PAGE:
Sunday, May 20, 2018
Sports

Tony Stewart ends 84-race drought with dramatic Sprint Cup win at Sonoma

SONOMA, Calif. — For at least one weekend, "Smoke" was back.

Tony Stewart returned to Victory Lane in Sprint Cup for the first time in three years in vintage fashion Sunday — refusing to let Denny Hamlin steal a win away at Sonoma Raceway on the final lap.

Now Stewart, 45, might have a shot at a fourth NASCAR title in his final season before retirement.

Stewart, mired in an 84-race skid dating to 2013, won the Toyota/Save Mart 350 to stop a slide of poor performances, injuries and personal turmoil that has tarnished the end of his career. He missed the first eight races this season with a back injury suffered in February in an off-road wreck.

Stewart, like eventual champion Kyle Busch last year, now has to crack the top 30 in points to convert his win into a Chase for the Championship berth. He moved up to 32nd in the standings Sunday, nine points out of 30th.

"My guys have been through this whole disastrous roller-coaster the last three or four years and never backed down. They've never quit on me. There's days I've quit on myself," Stewart said. "In this day of social media where everybody is a cricket … on social media, they sit there and chirp, chirp, chirp, chirp until they are in front of you and then they don't say a damned word. I listened to people say I'm old and washed up — I know how old I am, I know I haven't ran good for the last three years."

Anyone who has followed his career knows that Stewart is best when he's in a bad mood, and Smoke was ornery all weekend in wine country. He complained about young drivers, snarked that NASCAR will have no tough guys once he retires and grumbled he has no fun in a Cup car anymore.

Well, he sure had fun Sunday.

The co-owner of Stewart-Haas Racing took the lead on fuel strategy during a caution with 24 laps left and held on.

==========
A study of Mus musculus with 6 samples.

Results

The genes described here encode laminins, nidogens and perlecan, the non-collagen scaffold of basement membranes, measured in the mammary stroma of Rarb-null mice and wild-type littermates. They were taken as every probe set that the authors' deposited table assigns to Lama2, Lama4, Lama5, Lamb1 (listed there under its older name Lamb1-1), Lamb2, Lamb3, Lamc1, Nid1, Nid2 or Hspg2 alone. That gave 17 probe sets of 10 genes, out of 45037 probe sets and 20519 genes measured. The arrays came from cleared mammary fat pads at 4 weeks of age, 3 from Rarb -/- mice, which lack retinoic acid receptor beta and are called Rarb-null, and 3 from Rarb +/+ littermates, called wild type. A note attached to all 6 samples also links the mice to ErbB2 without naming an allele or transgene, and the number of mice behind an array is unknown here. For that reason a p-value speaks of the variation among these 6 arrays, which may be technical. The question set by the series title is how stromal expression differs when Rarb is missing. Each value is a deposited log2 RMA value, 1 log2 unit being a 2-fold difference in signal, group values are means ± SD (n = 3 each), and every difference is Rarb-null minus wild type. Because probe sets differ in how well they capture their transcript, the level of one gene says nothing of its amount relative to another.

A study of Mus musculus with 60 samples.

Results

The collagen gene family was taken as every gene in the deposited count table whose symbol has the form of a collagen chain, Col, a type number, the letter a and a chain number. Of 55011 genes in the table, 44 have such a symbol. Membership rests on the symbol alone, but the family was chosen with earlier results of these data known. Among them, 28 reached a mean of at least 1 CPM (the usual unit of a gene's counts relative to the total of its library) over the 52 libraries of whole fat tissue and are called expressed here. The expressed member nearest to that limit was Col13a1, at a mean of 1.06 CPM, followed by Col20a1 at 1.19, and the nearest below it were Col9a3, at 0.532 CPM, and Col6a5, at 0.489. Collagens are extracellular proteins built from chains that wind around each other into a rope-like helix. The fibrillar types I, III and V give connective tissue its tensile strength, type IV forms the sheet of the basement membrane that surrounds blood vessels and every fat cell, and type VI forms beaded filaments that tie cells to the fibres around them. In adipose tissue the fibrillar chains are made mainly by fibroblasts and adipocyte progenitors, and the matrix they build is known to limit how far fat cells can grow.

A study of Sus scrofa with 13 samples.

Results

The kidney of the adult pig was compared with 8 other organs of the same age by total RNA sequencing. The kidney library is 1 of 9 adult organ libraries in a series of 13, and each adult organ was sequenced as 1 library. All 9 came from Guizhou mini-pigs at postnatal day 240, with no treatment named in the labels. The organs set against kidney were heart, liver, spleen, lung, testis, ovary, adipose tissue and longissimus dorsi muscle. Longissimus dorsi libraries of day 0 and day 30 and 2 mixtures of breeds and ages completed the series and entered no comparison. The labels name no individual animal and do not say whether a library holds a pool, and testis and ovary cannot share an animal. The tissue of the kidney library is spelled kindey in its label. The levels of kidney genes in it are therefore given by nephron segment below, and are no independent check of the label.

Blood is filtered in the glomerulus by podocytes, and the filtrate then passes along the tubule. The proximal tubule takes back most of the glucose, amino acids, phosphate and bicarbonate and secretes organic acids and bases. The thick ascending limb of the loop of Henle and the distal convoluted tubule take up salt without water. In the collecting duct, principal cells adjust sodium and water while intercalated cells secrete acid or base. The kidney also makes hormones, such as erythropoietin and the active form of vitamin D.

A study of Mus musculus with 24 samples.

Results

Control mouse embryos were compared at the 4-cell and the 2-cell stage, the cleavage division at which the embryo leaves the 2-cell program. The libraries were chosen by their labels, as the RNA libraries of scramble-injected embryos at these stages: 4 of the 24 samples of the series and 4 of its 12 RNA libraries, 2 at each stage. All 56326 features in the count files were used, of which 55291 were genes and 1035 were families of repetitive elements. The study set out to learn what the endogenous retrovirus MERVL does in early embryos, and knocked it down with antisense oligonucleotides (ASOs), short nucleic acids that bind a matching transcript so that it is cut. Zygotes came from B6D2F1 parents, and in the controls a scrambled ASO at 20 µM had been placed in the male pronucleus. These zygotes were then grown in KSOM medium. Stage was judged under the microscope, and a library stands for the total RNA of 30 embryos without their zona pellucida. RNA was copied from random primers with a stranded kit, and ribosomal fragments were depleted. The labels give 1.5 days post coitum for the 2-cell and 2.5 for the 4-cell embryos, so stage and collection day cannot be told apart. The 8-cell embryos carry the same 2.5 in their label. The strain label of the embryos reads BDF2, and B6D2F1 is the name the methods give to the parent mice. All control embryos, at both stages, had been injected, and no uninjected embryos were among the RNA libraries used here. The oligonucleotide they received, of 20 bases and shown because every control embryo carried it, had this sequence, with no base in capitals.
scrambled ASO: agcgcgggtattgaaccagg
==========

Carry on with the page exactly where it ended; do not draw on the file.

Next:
Hamlin made it interesting by pouncing on a Stewart mistake to snatch the lead in Turn 7 on the final lap. Stewart grabbed it back in tricky Turn 11, diving to Hamlin's inside then pushing him toward the wall on the exit.

"I made mistakes the last two laps, I had just a little bit too much rear brake for Turn 7, and wheel-hopped it two laps in a row," Stewart said.

It was Stewart's 49th career Cup win and eighth on a road course, one shy of Jeff Gordon's record.

Dozens of foes pumped their fists out their window to salute Stewart on his victory lap as his father, Nelson, wiped away tears.

"To have three cars in the Chase, to have Tony's confidence up, to have him battle Denny Hamlin like that, this is the best way for a champion like him to go out," teammate Kurt Busch said. "He deserves this now."

"Just stoked for him," six-time champion Jimmie Johnson said. "He is a great friend and has been through so much."

Hamlin, Stewart's former teammate who has become somewhat of a protector to his one-time mentor, indicated no hard feelings. Hamlin said he made a mistake in letting Stewart snatch the lead.

"Looking in the rearview more than looking out front," Hamlin said. "I just slid up a little bit in the middle and allowed him to get inside me. I knew he was going to put me in the wall. All is fair in love and war."